Antisocial: Online Extremists, Techno-Utopians, and the Hijacking of the American Conversation by Andrew Marantz really gave me a lot of conflicting feelings. Who is right? How can we adequately starve the trolls? Does the end justify the memes (haha, a pun you will get later)?
In my heart of hearts and my own insulated social bubble, there is a clear line of what is wrong. Ok, maybe not always because I definitely have “liberal” people in my social circle who aren’t as liberal as they congratulated themselves on. However, I don’t typically go to coffee with conservatives, and definitely not MAGA, Trump supporters. Obviously, there is more out there that exist than I want desperately to believe. If they didn’t exist, why is America currently in the sunken place?
In my mind, there is a clear Us versus Them divide, and “them” are the trolls. But after reading this book, I started thinking, maybe we should be more like the trolls.
Think about it. These people know what they’re doing and, although I hate to admit, they’re not dumb. They do the same things as “us,” they just don’t use the same vocabulary. They organize, coordinating social media to spread messages in hopes of drawing attention to the masses to a particular issue in hopes of going viral. They employ “memes” to pick central ideas to spread to larger audiences and sway people on the fence. They protest, boycott, rally against a dominant narrative, wanting people to be “woke”(or take the red pill). They have activists and leaders in their movement. They are radicals fighting for a revolution and fundamental human rights (maybe just for certain humans, though).
None of this is to say that I condone their ideology, theories, or beliefs. On the contrary, I am arguing for learning from them to push our narrative for justice for all instead of justice for some. We need to improve our own “memes”, increase our efficacy for virality, and drive home our narratives to sway people on the fence. People can change, as I have learned from Beyond Hate.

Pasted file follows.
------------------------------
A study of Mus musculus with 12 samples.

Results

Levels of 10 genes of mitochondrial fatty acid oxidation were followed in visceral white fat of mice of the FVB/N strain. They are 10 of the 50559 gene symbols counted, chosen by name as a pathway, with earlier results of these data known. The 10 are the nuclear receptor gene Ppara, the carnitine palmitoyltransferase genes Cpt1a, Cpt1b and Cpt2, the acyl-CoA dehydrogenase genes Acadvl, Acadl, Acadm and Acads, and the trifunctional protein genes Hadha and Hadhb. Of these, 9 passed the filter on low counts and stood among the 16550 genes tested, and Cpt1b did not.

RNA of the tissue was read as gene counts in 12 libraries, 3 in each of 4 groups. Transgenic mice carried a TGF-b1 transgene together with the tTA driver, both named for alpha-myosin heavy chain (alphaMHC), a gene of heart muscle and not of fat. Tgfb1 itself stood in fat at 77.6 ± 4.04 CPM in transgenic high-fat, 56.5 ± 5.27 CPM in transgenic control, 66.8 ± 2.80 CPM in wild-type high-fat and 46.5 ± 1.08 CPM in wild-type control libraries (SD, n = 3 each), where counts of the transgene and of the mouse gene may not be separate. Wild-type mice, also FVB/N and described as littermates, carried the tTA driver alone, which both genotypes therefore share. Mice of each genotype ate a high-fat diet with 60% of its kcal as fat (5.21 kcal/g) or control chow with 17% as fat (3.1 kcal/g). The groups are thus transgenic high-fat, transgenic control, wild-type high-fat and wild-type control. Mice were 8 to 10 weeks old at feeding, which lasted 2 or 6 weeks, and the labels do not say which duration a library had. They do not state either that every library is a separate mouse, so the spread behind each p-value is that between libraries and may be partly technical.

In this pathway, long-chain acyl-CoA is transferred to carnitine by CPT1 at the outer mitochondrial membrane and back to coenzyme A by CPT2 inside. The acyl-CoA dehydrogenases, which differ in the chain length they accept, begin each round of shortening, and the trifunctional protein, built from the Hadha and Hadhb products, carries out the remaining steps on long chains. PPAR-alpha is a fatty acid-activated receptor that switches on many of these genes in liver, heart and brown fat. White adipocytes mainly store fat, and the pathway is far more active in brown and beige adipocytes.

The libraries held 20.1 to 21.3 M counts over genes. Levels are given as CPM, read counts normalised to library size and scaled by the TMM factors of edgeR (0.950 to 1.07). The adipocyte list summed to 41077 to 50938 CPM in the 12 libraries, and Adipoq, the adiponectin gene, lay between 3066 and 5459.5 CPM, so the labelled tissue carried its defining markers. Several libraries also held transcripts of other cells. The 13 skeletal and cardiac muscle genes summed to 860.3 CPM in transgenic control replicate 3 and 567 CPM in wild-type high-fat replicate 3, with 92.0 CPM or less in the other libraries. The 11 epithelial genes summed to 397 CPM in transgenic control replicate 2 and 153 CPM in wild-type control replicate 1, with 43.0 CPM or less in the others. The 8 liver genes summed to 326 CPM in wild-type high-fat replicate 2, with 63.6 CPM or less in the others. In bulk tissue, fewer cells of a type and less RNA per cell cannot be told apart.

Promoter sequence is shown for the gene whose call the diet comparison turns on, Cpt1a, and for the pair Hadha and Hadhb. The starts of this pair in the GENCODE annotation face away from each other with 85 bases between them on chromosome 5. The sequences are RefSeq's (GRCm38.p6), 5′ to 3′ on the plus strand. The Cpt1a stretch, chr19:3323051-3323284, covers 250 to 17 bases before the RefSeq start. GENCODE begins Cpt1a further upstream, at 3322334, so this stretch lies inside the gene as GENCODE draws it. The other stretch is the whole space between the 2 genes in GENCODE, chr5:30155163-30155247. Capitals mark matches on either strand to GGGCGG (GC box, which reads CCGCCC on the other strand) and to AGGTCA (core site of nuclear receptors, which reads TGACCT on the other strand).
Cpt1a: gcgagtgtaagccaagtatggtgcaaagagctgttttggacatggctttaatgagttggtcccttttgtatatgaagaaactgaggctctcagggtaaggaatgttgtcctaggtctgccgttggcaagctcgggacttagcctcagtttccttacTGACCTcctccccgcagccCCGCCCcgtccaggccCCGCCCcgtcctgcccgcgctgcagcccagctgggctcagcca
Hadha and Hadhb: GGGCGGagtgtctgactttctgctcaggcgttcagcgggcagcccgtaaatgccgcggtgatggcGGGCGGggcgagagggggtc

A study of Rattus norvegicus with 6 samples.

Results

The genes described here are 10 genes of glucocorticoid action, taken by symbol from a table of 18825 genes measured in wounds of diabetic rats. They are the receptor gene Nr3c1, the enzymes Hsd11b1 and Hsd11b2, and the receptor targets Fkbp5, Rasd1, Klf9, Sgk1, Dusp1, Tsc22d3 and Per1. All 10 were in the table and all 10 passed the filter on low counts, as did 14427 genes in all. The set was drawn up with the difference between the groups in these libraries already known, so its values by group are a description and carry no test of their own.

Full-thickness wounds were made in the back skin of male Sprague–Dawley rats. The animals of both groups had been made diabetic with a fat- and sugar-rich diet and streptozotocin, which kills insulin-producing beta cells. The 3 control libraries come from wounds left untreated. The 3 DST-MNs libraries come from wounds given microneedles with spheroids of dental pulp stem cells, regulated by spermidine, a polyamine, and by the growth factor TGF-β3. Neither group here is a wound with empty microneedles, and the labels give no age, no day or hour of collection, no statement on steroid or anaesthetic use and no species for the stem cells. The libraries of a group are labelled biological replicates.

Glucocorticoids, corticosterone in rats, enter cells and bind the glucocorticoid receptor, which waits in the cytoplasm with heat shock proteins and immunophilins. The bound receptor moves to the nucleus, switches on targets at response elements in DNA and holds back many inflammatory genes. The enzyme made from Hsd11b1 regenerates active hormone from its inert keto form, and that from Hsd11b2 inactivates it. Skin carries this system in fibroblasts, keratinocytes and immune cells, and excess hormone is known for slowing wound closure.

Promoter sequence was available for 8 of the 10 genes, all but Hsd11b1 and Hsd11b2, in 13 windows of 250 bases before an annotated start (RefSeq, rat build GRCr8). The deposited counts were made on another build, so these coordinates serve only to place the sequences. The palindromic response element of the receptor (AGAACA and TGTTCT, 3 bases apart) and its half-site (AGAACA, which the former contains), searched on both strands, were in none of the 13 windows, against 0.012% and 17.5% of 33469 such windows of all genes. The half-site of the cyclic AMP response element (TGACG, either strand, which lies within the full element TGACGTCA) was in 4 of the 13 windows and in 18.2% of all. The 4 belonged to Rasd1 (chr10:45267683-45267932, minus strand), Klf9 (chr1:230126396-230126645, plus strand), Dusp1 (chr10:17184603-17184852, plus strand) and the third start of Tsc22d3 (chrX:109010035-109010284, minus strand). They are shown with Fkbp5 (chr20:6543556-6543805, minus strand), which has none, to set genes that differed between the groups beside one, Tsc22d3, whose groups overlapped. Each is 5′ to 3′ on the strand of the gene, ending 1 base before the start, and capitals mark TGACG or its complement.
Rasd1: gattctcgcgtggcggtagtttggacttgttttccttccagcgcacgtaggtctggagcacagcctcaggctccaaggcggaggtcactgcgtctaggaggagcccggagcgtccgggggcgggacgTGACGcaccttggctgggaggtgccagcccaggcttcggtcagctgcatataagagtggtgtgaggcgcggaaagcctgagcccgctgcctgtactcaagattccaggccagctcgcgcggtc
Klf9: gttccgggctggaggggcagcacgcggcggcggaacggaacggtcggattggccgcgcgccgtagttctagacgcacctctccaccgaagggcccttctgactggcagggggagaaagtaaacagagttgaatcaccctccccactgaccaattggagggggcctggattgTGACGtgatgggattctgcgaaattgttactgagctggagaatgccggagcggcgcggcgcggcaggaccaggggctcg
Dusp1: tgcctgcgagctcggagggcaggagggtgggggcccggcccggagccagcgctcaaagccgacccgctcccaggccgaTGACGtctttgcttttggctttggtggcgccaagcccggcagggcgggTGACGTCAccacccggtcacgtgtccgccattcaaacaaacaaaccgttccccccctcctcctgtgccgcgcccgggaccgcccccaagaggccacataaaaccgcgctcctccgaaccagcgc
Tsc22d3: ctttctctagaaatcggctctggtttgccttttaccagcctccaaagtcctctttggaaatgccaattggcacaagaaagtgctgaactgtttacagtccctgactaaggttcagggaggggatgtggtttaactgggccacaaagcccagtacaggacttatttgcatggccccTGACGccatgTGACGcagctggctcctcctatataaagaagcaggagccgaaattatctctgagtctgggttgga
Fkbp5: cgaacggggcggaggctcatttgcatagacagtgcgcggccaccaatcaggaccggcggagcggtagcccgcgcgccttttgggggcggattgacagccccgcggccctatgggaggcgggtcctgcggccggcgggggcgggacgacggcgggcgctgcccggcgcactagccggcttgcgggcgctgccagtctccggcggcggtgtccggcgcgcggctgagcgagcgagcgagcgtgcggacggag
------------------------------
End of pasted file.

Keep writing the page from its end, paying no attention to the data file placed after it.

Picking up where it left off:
Let me take a pause here to clarify what they mean by memes in this context. I definitely learned that memes did not start in 2012 with words over pictures but were birth from an intellectual conversation. According to Encyclopedia Britannica, a meme is “unit of cultural information spread by imitation. The term meme (from the Greek mimema, meaning “imitated”) was introduced in 1976 by British evolutionary biologist Richard Dawkins in his work The Selfish Gene.”
The main difference between our efficiency and theirs are our reactions. We interact with their stuff negatively, but it’s interaction, nonetheless. Even when denouncing them, we still give them power. They don’t come after us by spreading our ideas and simply saying they don’t agree with them or that they can’t believe people think this way; they dismiss us and undermine us without continuing to spread our message. They just push their memes harder.
But we are good at showcasing their hate and vitriol and that’s what they want. It doesn’t matter that we say we personally don’t agree. We still say, “look at this!” We really need to say, “look at what we need to focus our efforts on instead.” And I know there is debate about if social media organizing actually works, but it seems to be effective for them, so why don’t use it against them?
And then I think of the Audre Lourde quote: For the master’s tools will never dismantle the master’s house. They may allow us temporarily to beat him at his own game, but they will never enable us to bring about genuine change. Will becoming like the trolls actually free people? Maybe because our ends of justice for all (instead of certain groups maintaining power) justifies the means.